By Ryan Pangilinan
Northwest Asian Weekly
On Tuesday, Nov. 4, there was an overwhelming sense of joy, excitement and tension. The Westin in Downtown Seattle was packed with Democratic supporters of all sorts. Attempting to name every walk of life would require a great laundry list that could possibly include carnies.
Some people were glued to CNN’s election coverage in the hotel lobby bar but most had made their way to the fourth floor ballroom where thousands of Democrats converged, all anxiously waiting to hear the results from both the presidential and gubernatorial races.
The venue was a tapestry of signs and anticipation. Most people eagerly waited and when CNN called the election in favor of Barack Obama, people marched from the bar to the ballroom to deliver the news to those who couldn’t hear the coverage on the enormous screen.
All the while, small pockets of groups had taken to suites to watch the election results patiently. In one suite, Rep. Sharon Tomiko Santos hosted the API Election Night Celebration.
Rep. Santos ran back and forth from her laptop, refreshing the browser throughout the evening, announcing the gubernatorial results and marking them on a chart that was taped to a wall. As the evening went on, a congratulatory announcement for returning District 11 representative Bob Hasegawa was made while he sat comfortably with other figures of the API community.
In other parts of the hotel, around 8:45 p.m., whispers of Gregoire’s impending win spread quickly with many Democrats proclaiming triumph. People who were cheering Obama’s victory speech, were also awaiting Governor Gregoire’s appearance in the ballroom.
While news shots of the GOP’s gathering in Bellevue seemed far more subdued, the Westin went from tense to electrifying with cheers every which way.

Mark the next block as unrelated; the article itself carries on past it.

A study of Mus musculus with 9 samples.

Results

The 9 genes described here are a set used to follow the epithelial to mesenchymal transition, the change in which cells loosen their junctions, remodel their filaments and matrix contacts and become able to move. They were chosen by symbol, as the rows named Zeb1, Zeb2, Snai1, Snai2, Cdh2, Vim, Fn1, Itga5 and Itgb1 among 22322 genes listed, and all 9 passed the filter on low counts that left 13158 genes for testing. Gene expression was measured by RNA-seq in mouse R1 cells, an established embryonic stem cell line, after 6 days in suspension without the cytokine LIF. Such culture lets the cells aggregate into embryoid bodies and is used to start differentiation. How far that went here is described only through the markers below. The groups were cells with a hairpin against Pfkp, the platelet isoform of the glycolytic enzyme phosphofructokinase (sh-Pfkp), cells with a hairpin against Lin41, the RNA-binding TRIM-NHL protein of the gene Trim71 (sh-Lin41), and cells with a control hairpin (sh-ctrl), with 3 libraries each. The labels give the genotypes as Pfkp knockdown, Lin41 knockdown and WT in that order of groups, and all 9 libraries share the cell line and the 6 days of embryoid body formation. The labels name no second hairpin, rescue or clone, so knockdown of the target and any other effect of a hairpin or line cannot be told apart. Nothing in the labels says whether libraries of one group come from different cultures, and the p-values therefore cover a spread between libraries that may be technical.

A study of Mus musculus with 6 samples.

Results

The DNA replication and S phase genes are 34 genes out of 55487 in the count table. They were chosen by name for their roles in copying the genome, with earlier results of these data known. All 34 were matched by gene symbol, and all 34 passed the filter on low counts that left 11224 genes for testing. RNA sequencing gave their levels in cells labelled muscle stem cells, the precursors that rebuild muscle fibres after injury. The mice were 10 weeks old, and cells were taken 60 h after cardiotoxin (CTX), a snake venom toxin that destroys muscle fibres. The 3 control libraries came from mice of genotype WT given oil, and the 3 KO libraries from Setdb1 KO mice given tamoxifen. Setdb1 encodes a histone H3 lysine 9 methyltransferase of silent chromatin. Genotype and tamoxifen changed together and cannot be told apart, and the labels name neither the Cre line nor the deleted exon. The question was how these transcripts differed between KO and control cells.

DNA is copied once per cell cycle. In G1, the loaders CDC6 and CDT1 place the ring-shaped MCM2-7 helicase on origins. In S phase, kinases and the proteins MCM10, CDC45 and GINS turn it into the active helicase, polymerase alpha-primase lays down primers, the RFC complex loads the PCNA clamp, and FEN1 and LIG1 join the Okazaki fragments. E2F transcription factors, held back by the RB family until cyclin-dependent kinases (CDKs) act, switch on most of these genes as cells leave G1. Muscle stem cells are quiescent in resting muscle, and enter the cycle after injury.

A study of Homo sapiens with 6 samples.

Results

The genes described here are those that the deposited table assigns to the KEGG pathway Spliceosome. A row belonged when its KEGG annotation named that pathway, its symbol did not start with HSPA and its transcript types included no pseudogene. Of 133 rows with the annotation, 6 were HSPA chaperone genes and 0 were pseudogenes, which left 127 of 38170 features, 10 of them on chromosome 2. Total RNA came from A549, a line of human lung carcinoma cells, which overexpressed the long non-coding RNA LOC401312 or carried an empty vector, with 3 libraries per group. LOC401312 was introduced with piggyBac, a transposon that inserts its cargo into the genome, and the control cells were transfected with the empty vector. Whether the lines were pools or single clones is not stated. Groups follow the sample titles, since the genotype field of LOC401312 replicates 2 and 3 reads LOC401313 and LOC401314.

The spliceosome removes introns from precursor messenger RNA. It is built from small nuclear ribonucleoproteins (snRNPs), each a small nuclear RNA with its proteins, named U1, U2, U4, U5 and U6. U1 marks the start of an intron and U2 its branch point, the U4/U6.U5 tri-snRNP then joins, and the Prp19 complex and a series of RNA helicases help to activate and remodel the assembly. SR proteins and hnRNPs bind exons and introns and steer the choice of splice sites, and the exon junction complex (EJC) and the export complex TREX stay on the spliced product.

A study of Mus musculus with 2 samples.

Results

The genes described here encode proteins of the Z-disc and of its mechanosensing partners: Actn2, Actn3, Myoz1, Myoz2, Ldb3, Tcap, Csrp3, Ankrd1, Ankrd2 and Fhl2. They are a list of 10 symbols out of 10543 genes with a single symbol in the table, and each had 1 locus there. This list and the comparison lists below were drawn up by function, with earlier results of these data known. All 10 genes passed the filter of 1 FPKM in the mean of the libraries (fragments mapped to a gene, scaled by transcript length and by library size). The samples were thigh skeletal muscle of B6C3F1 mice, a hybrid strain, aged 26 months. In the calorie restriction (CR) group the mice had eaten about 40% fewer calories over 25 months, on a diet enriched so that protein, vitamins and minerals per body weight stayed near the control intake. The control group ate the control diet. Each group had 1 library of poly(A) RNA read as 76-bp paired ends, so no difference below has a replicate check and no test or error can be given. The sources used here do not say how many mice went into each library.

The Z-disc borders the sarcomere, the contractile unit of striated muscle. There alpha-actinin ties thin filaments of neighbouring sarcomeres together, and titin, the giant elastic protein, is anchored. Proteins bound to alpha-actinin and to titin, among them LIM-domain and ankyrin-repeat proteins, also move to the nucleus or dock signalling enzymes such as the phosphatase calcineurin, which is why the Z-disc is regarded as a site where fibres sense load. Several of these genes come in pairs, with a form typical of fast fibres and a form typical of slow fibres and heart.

Further into the evening, other groups had turned to other issues around the country. At a party hosted by a gay couple, the mood was polarizing, as people were equally excited about the simultaneous wins of both Obama and Gregoire, yet the uncertainty of California’s Proposition 8, which would subsequently ban gay marriage, added a somberness to an otherwise joyous evening.
By 9 p.m., Rossi had yet to concede, but his party was over. On the other side, Democrats had slowly trickled out of the Westin and taken to the Seattle streets, echoing President-elect Barack Obama’s hope for a new America.
At press time, Nov. 5, the Associated Press is reporting that Rossi is conceding, removing doubts and uncertainty for many of Gregoire’s diehard supporters.
“I think (Gov. Gregoire’s) done a great job in protecting our state and preparing of the nationwide belt tightening,” said Yuh-Line Niou, a former legislative assistant for Rep. Eileen Cody.
“I know she’s done a lot for (the API) community, including funding for several of our community service organizations. … I’m excited to be able to work with her for another four years.” ♦
Ryan Pangilinan can be reached at firstname.lastname@example.org.